Birth2Work Co-founder, mother, grandmother

The Way We Never Were

According to author Stephanie Coontz, in her book The Way We Never Were, families have always been shaped by the realities of their times. For example, 1950’s style single-earner households for which nostalgia was so often expressed—a working father, an attentive homemaking mother, charming children, and doting grandparents—was mythologized far past reality by television of the era.

A decade in which conformity became essential, in the workplace and society at large, it led directly to the explosion of individualism and family turmoil that rocked the 1960s and still shapes our world today.

This means that the ideals we are beating ourselves up over today were short-lived models from the last 50 years. This is where existing resources for parents and grandparents and families on what to do and how to live, as a whole, failed the American culture.

Families led by parents with strong values and a clear vision and pathway for the success of their children often changed in favor of following a hypermedia diet where electronic devices became more trusted than adults for truth and support.

The cast of “Father Knows Best” – 1954

The Way Some of Us are Now

Today, most of what passes as help for families on how to live a good life and shape the lives of those around them, is a cop out. Not too long ago, my husband and I were sitting on a tram headed from a Los Angeles airport parking lot to our terminal to catch a plane. It was over the holidays so I struck up a short conversation with a couple, about our age, sitting across from us. We had a quick exchange about what the woman was carrying—some boxes with high-end electronics in them.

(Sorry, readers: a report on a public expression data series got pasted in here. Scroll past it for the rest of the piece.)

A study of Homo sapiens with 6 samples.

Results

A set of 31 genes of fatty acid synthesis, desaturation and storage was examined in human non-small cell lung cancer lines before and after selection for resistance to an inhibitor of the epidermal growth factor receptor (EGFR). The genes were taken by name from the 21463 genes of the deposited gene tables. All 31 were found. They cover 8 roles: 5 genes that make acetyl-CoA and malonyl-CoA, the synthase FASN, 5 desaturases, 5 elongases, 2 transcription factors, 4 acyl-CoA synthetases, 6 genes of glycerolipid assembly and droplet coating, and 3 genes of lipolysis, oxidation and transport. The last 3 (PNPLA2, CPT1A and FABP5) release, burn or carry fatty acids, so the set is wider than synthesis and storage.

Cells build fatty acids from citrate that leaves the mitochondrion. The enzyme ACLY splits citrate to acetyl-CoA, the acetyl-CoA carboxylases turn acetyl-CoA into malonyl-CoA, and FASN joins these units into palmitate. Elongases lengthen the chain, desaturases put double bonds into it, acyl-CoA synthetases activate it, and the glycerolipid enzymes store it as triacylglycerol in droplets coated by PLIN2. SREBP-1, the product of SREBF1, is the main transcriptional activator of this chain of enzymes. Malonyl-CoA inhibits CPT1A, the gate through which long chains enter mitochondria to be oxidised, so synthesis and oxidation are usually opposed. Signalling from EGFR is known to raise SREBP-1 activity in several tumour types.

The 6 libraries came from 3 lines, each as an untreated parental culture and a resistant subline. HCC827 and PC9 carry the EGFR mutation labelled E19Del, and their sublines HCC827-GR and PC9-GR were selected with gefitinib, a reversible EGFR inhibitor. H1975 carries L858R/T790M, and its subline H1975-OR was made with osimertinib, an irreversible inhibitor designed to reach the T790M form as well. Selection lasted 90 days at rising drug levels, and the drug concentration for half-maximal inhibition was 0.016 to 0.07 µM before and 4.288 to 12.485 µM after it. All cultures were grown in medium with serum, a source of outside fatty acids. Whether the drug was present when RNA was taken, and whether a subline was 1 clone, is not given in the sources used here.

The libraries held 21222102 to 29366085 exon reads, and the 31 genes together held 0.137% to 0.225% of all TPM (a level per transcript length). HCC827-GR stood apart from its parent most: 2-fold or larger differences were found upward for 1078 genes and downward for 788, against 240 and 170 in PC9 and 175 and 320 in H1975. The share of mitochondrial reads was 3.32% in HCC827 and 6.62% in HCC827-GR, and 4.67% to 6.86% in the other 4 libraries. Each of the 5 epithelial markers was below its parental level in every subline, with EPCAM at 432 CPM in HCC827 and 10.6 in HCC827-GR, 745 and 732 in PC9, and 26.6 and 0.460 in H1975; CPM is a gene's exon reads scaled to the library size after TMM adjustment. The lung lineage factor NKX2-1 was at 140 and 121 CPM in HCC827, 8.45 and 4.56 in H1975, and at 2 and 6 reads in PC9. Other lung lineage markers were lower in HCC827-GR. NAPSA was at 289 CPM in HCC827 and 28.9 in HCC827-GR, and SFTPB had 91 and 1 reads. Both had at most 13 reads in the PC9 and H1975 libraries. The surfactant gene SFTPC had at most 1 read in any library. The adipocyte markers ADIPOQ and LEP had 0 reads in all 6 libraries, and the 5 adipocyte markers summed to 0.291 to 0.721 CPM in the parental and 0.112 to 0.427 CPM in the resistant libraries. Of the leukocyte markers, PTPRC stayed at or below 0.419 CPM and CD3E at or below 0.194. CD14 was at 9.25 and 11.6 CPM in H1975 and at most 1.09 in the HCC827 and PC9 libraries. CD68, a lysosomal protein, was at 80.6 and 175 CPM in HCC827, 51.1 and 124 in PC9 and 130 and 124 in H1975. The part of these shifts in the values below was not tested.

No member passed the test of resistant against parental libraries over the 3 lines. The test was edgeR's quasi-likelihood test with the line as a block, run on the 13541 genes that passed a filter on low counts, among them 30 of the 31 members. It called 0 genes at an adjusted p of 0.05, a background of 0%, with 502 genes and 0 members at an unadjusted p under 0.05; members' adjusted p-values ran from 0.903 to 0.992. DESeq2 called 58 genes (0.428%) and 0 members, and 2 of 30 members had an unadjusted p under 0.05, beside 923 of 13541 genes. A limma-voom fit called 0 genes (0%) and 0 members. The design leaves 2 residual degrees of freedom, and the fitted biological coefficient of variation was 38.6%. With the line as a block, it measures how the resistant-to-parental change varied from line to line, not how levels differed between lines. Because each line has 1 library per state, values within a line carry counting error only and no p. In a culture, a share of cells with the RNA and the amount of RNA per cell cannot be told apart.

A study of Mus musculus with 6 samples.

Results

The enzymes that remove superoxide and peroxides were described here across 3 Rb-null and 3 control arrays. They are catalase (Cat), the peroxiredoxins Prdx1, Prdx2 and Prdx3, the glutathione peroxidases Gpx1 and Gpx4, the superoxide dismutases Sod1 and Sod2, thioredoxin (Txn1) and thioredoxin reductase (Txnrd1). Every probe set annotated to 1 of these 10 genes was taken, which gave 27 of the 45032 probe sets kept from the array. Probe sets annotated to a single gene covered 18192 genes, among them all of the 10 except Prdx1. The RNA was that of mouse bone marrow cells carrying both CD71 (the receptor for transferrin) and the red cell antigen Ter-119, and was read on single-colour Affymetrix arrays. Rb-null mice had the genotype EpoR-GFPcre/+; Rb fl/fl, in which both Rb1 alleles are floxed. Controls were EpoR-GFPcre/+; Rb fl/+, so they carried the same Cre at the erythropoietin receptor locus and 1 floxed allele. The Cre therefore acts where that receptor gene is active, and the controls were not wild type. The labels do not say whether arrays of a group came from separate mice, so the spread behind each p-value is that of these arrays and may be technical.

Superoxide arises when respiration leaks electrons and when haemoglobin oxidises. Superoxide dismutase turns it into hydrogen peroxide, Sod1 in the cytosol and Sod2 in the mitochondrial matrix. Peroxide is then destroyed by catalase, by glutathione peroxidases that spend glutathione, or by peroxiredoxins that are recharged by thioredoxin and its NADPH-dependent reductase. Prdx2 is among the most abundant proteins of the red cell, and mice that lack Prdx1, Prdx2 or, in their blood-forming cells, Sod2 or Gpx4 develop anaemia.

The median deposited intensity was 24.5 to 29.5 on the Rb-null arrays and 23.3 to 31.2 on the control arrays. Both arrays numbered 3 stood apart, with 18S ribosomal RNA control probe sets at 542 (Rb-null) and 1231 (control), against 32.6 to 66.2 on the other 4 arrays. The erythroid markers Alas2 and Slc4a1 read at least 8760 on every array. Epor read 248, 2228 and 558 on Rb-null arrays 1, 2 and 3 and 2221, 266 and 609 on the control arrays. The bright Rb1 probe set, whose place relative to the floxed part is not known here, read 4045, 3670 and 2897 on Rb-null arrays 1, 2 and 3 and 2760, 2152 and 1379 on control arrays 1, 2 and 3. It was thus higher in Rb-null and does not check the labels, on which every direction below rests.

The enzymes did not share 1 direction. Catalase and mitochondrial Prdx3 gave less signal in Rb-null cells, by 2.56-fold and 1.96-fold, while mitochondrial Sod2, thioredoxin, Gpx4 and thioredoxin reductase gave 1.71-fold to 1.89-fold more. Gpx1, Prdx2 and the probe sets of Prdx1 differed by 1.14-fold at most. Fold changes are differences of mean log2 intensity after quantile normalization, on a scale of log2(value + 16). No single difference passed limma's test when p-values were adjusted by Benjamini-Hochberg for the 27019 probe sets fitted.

“Wow,” I said. “That’s an amazing array of what must be Christmas presents?” 

“Indeed,” she said. “They are for our grandchildren who live in a very expensive part of Los Angeles.”    

“Is that what is socially required?” I asked, with a bit of a grin on my face. 

“Oh gosh, yes,” she replied quickly, with no grin. “They would be shunned if they didn’t have the latest cell phones and iPads.”   She then added, “Oh, I’m sorry. Maybe you don’t have grandkids, or you aren’t in that category of people. In our circle of friends it is our responsibility as grandparents to buy these things for them.” 

The conversation continued for a couple of minutes before the tram came to a halt. The couple started to get off, but the woman turned to me and said, “Certainly is a different world than when we were growing up, huh?” 

I was speechless. It was clear we had different values and different ideas about what our role and responsibilities as grandparents are to our families. 

Experiences Over Things: The Mountain Guide Approach

Over the 40 years I have been working on defining functional family life, I am absolutely certain of one thing. I have never found a solution to a problem facing any child that had a better outcome than a positive life experience—something as small as a smile or a hug can change their world. Doing things FOR our grandchildren has the same limited value as it did when we did things FOR our own children.

A child’s strength and certainty, basically their self-esteem, is derived from what he knows for himself. 

I see grandparents as Mountain Guides. We have seen life, its blessings, and its challenges from our parents and our own life. Through our guidance of our children, and now their children, we can help our grandchildren see the world through our eyes and perspective. There is no doubt their world is very different, but our wisdom matters.